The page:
When 25-year-old Semira called our Private Rented Scheme service earlier this year, she was desperate. Semira is an Eritrean refugee who had fled her home country when her family were persecuted for being Christian. She spoke little English and all she could tell us initially was that she had suffered a long, frightening journey to the UK, and that she was now homeless, sleeping rough in London.
As Semira was in good health, and had no children, she wasn’t classed as “priority need”, so the Local Authority wouldn’t offer her any accommodation. Semira was told she would need to survive alone on the streets of London for six months before she would qualify for any kind of housing.
Our Private Rented Scheme is often the last hope for refugees like Semira – people who have no deposit, no references, and no British passport. The way we work means a refugee like Semira stands a really good chance of finding long-term accommodation. We vet each individual refugee and landlord to find the best match, and also provide ongoing support to help someone like Semira settle in and understand their responsibilities as a tenant.
The wait for Semira’s asylum claim to be sorted was incredibly stressful for her. She was given £37.75 a week to live on – just £5.39 a day – and struggled to make any sort of life for herself. When Semira was finally granted refugee status, she was so happy. But what she didn’t realise was that she would be evicted from her asylum accommodation and forced to find somewhere to live without any support. After living on £5.39 a day, and being banned from working while her claim was being processed, there was no way Semira could save the money for a deposit.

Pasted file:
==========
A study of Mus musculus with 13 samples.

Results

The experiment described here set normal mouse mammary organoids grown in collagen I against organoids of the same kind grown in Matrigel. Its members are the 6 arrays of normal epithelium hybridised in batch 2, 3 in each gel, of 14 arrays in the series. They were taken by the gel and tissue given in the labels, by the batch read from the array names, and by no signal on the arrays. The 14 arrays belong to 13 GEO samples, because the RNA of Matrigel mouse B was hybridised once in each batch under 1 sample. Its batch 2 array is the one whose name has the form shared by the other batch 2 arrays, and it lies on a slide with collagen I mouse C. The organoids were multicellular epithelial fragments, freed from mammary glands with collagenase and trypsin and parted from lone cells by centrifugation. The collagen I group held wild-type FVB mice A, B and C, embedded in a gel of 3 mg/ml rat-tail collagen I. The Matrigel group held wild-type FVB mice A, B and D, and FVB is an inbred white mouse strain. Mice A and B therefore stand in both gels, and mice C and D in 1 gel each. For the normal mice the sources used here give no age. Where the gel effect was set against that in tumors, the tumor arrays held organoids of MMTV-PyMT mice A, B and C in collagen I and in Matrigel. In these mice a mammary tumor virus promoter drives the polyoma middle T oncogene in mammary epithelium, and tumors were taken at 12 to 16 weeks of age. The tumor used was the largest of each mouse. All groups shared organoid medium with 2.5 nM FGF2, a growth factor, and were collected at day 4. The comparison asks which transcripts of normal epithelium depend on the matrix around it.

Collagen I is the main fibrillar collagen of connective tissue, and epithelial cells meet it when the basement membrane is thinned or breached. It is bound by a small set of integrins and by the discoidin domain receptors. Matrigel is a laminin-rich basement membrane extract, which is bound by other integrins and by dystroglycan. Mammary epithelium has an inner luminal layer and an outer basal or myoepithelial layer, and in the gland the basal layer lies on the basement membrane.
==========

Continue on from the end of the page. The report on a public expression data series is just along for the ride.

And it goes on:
Semira told us that during those nights on the street, she’d wake up and, for a brief moment, wouldn’t know whether she was in Sudan, Belgium, Ethiopia or Leeds. Then the reality dawned on her. She was sleeping at a train station in London, with no money, no home and no family or friends to turn to.
The phone call Semira made to us changed everything – we found her a safe, secure home in just a few days. Semira called us on Thursday, we found a suitable place on Friday, she went to meet her prospective landlady on Saturday, and moved in on Sunday.
Semira has been in her new home for six weeks and after all she’s been through – all the places she’s had to sleep – she still sometimes wakes up not knowing where she is. But now, when Semira remembers, the happiness is overwhelming.
Unfortunately, there are many other homeless refugees who will need our help this Christmas. 1 in 2 refugees have had to sleep rough, or in a homeless shelter, after being forced to leave asylum accommodation.
This year, because of the pressure on services due to the COVID-19 crisis, the numbers could be higher.
Now Semira has a safe, long-term home, she wants to start making a new life. That means finding a job. She’s learning English and is determined to be a positive part of her new community. Having a place to call home is the beginning of a brighter future for Semira.
All names and photos have been changed to protect the identities of those we work with.